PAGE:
This is the second Hunter S. Thompson film Johnny Depp has starred in but it is neither a sequel nor a prequel to Fear And Loathing In Las Vegas.
The Rum Diary, based on Thompson’s novel of the same name, tells the story of Paul Kemp, a journalist looking to make a new start in Puerto Rico with the local paper. As the title subtly hints though, Kemp’s drinking gets the better of him leading him to trouble with the local law as well as becoming entangled in a dodgy business venture.
Most critics are suggesting that this film is a rip roaring success and is a laugh a minute but while there are laughs it is not quite a full-blown comedy. Giovanni Ribisi steals any and all laughs as Moberg, the sleazy correspondent who is either drunk, high or appreciating the speeches of Hitler. Depp does well, as ever, as the swanky young journo but this feels more like one of his standard high-quality performances rather than a full comedic role or an Oscar attempt.
Shot on location there are some beautiful birds eye views of the Puerto Rican beaches, islands and forests. It all comes down to getting a sense of the place. Everyone is sweating in this film, you can feel the humidity. Alongside this there is the constant flipping between lavish beach houses with roadster cars and the crumbling apartments with rusted motorbikes giving a sense of how the rich and the poor live so differently, side by side.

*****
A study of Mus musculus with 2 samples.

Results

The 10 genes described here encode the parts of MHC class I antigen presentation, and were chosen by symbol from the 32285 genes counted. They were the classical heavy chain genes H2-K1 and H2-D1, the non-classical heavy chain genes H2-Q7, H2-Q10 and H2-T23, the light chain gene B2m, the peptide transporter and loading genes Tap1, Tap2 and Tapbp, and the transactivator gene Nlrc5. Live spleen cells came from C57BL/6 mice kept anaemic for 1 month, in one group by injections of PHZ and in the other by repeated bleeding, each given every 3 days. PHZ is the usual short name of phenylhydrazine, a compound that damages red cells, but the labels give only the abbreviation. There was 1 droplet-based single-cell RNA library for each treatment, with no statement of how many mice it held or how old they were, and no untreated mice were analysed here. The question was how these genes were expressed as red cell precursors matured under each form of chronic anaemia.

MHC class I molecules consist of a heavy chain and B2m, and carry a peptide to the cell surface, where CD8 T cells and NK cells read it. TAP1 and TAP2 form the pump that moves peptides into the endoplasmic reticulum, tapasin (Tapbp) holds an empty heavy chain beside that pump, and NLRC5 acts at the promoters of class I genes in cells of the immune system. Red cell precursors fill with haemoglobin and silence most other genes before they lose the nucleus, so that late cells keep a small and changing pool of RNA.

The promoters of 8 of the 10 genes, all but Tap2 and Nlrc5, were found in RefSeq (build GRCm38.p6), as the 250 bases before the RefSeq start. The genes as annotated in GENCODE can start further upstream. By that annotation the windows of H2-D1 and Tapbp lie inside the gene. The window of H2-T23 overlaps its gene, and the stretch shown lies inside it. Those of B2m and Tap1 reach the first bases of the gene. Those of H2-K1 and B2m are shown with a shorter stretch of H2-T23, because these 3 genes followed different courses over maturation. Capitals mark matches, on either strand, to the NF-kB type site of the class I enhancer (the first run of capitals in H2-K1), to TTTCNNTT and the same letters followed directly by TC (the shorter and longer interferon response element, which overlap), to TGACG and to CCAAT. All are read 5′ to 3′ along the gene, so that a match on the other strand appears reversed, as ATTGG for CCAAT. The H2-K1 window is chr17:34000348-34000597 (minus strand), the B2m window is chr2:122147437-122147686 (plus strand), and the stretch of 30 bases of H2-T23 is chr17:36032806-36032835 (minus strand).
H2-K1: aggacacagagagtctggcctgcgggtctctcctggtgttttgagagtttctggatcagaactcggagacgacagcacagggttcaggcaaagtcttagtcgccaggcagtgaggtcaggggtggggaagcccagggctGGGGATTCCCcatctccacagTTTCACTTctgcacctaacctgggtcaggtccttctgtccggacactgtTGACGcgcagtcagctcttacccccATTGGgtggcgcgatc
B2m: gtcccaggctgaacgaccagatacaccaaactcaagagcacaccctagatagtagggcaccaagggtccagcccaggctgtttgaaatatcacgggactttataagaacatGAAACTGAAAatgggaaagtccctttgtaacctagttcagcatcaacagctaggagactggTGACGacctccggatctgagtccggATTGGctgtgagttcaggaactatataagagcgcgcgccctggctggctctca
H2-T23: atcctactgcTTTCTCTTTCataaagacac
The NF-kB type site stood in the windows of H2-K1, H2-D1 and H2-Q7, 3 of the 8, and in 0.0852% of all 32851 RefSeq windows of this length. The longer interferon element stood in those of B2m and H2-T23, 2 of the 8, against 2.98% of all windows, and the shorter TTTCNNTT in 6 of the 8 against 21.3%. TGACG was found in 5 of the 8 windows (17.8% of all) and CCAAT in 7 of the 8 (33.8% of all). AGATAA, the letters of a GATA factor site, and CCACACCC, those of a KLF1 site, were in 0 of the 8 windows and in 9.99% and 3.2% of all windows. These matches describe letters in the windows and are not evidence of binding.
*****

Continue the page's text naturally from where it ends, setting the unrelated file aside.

One fact which would draw potential crowds is that this film is directed by Bruce Robinson; the man who wrote and directed Withnail & I in the 80s. However, there is very little of his dry British humour so you wouldn’t know he was involved in the film unless you recognised the name.
What is most disappointing about the film is how it handles the subject at its heart: Journalism. The closing of newspapers and print journalism is more relevant than ever but it is passed over in a heartbeat with only two scenes set in the news room. We never see any reporting or photographing by anyone despite all the main characters working on a busy newspaper.
In the end the fate of the paper isn’t even secondary. We see nothing of any impact or insight regarding journalism – then or now – and Paul Kemp literally rides off into the sunset with relative ease.
Although entertaining, the film becomes a throw-away vehicle for Johnny Depp to grin and look handsome in rather than the stinging revelation it could be. This is all well and good for the occasional movie goer but for some of us there is far more meat to be washed down by the rum.